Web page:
What does setting healthy boundaries in marriage look like? We’re often good at getting mad or resentfully accommodating, but usually not so good at setting healthy boundaries.
That is a topic I’ve never really addressed on the blog because in all honesty I don’t really know how to think about them.
Oh I know how to lay down my desires to get what I want, but I’ve never really had a firm grasp on what setting healthy boundaries looks like exactly.
That is, until I’ve spent a lot of time researching it for my upcoming book about mixed-faith marriages (sign up here if you are interested in that). I’ve thought A TON about this topic recently.
Some people I’ve interviewed for my book are in a situation where they legitimately need to set down some boundaries in their marriage.
And its hard.
Because our knee-jerk reactions in these tough situations are generally either to get really mad or to withdraw.
Now, it should be said that perhaps I don’t understand about boundaries because I’ve never been in a serious situation where I’ve needed to set some.
The credit there all goes to Rich. Realizing that gosh, Rich really doesn’t make demands of me filled me right up with love and appreciation for him.
But some people do make demands of their spouse. Some people make a lot of demands.
We aren’t in control of how demanding our spouse is, but we are in control of how we react. Do we get upset? Resentful? Vengeful? Do we withdraw? Do we let them have their way but disconnect emotionally?
Brene Brown (bless that woman!) says when you are faced with a demand that violates your personal integrity (which is when a boundary needs to be set), you don’t puff up and you don’t shrink. You stand your sacred ground.
Brene defines boundaries as knowing what is ok and what is not ok. When you are faced with something that is not ok, you don’t start fighting and yelling (although this is a natural reaction, it’s not helpful) and you don’t shrink (resentful accommodation). You don’t become a doormat to accepting things that violate your personal integrity.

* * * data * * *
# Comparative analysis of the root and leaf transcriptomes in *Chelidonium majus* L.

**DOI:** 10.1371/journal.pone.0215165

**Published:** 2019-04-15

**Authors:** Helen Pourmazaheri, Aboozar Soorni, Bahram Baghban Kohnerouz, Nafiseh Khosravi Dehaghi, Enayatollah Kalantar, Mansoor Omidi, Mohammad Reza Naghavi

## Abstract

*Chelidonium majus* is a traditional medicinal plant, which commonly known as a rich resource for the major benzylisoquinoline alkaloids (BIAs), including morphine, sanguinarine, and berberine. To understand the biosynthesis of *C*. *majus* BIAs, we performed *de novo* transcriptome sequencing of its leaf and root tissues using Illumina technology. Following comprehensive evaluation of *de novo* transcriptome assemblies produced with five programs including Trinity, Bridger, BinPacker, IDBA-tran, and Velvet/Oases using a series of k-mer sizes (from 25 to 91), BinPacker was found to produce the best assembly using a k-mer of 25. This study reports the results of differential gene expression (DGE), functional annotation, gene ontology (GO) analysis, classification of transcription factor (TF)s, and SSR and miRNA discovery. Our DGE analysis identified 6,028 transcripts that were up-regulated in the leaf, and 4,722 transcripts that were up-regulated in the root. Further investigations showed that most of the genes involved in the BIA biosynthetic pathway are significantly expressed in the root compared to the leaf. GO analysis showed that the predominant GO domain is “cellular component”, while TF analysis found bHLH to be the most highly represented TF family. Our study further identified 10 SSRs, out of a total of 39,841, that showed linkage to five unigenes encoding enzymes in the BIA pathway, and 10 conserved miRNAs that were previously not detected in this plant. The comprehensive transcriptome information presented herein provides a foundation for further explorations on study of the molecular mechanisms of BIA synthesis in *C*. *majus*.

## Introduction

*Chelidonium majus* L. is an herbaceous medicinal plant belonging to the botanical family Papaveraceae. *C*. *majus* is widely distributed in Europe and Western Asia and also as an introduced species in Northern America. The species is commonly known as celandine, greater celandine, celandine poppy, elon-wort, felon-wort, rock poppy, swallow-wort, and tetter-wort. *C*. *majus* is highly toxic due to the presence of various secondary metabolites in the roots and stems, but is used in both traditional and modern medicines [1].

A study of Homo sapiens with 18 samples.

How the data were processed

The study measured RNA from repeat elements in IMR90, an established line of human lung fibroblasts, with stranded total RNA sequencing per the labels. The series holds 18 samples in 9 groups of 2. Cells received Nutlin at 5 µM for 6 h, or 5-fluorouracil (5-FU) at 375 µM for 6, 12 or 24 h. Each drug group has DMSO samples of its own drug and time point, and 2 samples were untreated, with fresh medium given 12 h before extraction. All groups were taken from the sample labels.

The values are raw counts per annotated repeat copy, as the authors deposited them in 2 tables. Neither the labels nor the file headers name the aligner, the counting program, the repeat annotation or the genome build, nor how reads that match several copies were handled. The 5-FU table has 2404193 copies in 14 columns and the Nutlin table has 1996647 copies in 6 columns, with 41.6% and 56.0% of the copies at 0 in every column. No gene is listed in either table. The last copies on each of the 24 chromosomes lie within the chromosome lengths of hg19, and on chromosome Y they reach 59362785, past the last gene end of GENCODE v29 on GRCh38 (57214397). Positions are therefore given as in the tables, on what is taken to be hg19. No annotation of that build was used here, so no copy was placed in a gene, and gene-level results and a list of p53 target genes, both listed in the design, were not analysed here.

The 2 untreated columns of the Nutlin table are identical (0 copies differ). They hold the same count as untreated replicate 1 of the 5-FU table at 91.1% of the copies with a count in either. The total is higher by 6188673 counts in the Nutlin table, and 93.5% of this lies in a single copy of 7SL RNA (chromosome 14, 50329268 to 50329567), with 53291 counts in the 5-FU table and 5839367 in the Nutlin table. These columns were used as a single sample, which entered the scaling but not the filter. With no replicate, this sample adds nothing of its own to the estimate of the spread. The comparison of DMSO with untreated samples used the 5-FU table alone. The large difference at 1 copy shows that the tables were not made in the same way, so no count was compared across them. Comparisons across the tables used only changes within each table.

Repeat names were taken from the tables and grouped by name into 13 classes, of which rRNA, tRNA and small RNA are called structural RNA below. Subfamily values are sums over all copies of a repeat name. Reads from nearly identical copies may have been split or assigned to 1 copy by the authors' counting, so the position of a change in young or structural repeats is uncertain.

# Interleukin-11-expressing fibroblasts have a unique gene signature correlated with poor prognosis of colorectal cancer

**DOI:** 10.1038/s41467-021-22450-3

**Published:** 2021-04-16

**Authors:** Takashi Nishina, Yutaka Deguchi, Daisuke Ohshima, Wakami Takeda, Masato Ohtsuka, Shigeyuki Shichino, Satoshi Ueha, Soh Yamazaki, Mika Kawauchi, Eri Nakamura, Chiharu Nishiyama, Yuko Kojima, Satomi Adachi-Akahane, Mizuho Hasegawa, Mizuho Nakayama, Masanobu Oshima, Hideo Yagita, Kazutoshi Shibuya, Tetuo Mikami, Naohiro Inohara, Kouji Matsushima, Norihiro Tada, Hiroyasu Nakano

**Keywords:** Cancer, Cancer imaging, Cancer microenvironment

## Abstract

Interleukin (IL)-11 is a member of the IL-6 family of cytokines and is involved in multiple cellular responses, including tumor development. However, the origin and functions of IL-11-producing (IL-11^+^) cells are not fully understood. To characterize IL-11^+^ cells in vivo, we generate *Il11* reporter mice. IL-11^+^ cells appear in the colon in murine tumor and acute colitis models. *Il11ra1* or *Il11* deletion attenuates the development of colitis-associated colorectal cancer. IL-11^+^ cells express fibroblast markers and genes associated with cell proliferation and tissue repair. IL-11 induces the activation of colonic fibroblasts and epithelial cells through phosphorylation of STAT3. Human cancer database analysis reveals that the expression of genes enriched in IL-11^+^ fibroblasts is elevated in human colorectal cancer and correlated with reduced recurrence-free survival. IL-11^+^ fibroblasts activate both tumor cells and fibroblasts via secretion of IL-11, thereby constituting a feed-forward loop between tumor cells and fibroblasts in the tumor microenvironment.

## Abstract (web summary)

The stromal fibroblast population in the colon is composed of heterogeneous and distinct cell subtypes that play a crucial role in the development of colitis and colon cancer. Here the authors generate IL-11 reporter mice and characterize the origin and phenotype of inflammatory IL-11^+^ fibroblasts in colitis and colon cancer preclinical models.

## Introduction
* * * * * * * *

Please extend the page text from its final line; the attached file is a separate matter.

You stand your sacred ground and you do it with love.
If you are wondering (as I did) if you are in need of setting a boundary– ask yourself, “Would this boundary come from the best in me or the worst in me? Who would benefit from this boundary- just me or both of us?” A good boundary should actually benefit both parties, and should be coming from the best in you.
When asked this, it became clear to me that I’m not in a position where I need to set any boundaries in my marriage. Sometimes I don’t get my way and I want to “put my foot down” (that would result in me getting my way), but that is coming from the worst in me, not the best in me.
For example, I would love to get rid of stuff Rich wants to keep, but I know that that is not coming from my personal integrity- it’s coming from wanting to get my way. Keeping stuff around that Rich wants to keep does not violate my morals or harm me in any way other than bothering me. So we’ll keep talking about it and compromising, but its not worth setting a line in the sand over.
Setting lines in the sand always comes with a consequence, and your friendship and connection is what will take a hit.
While I couldn’t find anything in my marriage that needs a boundary, I actually did find a few behaviors in my parenting that did. I think I have unintentionally become a bit of a doormat to my kids’ demands, which often causes me to be resentful towards them.
So I lovingly set some boundaries recently that would benefit BOTH me and my kids. And for maybe the first time, I didn’t create boundaries out of anger (I formerly didn’t know that could happen). I set them calmly and lovingly. And I’m happy to report, it’s been working wonderfully. I feel like I have more respect for myself and have been less resentful toward them.
So if you need to set some boundaries, don’t puff up, don’t shrink, just stand your sacred ground.